Apple Computer Inc. apparently doesn't want to sing the same tune as its Internet music rival RealNetworks Inc.
Seattle-based RealNetworks said Thursday that Apple chairman Steve Jobs had rebuffed an offer by RealNetworks' chief executive Rob Glaser to meet and discuss forming an online music alliance involving Apple's best-selling iPod portable players.
"He's in the neighborhood, but whatever meeting Rob wanted with Steve isn't happening," RealNetworks spokesman Greg Chiemingo said Thursday. "Steve just doesn't want to open the iPod, and we don't understand that."
Executives at Cupertino, Calif.-based Apple declined to comment Thursday.
In an interview earlier this week with The Wall Street Journal, Jobs said Apple has little incentive to open its popular digital music player to others.
"The iPod already works with the No. 1 music service in the world, and the iTunes Music Store works with the No. 1 digital-music player in the world," he said. "The No. 2s are so far behind already. Why would we want to work with No. 2?"
As first reported in The New York Times, Glaser made the invitation in an e-mail to Jobs last week that suggested that the two companies join forces against their common enemy, Microsoft Corp. He proposed a meeting to discuss the matter this week while he was in the Silicon Valley. (MSNBC is a Microsoft-NBC joint venture.)
As competition in the online music market has increased, RealNetworks has sought to work with Apple so RealNetworks' customers can choose to play their music collections on Apple's best-selling iPod portable players.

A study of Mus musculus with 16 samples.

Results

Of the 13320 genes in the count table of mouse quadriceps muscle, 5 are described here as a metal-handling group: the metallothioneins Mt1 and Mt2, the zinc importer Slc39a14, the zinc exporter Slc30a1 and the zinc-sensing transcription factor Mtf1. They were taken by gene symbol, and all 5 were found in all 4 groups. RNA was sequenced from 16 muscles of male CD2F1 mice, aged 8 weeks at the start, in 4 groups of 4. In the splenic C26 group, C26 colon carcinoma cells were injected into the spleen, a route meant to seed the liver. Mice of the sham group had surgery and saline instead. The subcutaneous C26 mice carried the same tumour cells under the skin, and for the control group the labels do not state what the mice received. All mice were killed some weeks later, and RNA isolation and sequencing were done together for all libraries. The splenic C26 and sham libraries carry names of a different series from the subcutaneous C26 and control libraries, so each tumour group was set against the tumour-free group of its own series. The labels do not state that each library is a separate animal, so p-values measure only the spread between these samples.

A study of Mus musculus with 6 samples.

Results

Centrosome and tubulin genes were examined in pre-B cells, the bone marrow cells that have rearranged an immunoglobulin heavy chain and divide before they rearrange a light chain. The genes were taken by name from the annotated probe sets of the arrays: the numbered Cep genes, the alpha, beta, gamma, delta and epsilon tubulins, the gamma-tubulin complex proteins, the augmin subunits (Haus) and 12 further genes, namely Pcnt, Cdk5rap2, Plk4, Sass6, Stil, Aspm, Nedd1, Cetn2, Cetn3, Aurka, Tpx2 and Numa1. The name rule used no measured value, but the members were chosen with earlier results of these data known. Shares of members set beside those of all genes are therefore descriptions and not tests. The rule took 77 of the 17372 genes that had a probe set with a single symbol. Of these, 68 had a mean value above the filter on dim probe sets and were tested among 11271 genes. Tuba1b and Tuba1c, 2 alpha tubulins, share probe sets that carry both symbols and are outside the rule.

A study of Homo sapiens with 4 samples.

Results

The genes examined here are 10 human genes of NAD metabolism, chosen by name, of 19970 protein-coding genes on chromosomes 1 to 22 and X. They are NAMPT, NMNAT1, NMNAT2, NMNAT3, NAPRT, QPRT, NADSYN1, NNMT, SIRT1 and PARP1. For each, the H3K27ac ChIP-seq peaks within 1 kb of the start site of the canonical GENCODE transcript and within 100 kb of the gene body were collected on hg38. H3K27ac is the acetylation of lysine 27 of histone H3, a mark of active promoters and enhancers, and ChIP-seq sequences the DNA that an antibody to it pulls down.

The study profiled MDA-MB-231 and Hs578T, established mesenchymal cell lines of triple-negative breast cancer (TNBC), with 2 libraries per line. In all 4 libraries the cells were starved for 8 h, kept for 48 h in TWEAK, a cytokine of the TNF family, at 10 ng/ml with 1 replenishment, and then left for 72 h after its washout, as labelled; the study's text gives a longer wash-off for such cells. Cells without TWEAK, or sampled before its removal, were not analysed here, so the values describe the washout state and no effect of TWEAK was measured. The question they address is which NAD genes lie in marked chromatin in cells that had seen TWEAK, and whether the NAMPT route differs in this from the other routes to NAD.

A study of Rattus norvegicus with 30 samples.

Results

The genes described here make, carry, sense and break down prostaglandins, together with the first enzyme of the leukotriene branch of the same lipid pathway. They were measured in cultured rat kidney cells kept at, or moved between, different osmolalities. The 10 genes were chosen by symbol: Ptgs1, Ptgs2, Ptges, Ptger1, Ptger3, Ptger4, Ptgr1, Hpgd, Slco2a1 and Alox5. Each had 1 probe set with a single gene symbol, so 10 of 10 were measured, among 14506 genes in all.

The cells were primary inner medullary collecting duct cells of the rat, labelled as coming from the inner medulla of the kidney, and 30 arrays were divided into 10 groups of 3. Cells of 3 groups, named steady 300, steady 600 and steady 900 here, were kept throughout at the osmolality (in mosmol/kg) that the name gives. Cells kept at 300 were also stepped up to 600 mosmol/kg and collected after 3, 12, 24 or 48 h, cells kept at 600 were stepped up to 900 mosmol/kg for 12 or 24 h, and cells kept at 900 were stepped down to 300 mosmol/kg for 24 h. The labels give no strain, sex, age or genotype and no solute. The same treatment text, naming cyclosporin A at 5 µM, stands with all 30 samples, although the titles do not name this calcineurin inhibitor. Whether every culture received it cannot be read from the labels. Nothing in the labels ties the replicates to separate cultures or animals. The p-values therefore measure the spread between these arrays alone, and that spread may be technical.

RealNetworks, Apple and Microsoft all are jockeying for position in digital media — in which encoding formats and copy-protection technologies dictate how and on which devices consumers play their music.
Like Apple's leading iTunes song-download store, RealNetworks' online music store supports the Advanced Audio Coding format, which competes against Microsoft's Windows Media Audio format predominantly used by other legal music sites.
But because of Apple's proprietary copy-protection standard Fairplay, songs attained from RealNetworks' Rhapsody music service and RealPlayer music store cannot be played on Apple's iPod players.
"We want support for all media formats," Chiemingo said, "and it makes sense for us to make the most consistent experience for consumers so they can move their content to whatever device they want."
RealNetworks also may later consider endeavors to support Microsoft's WMA format — despite RealNetworks and Microsoft's pending antitrust legal spat, he said.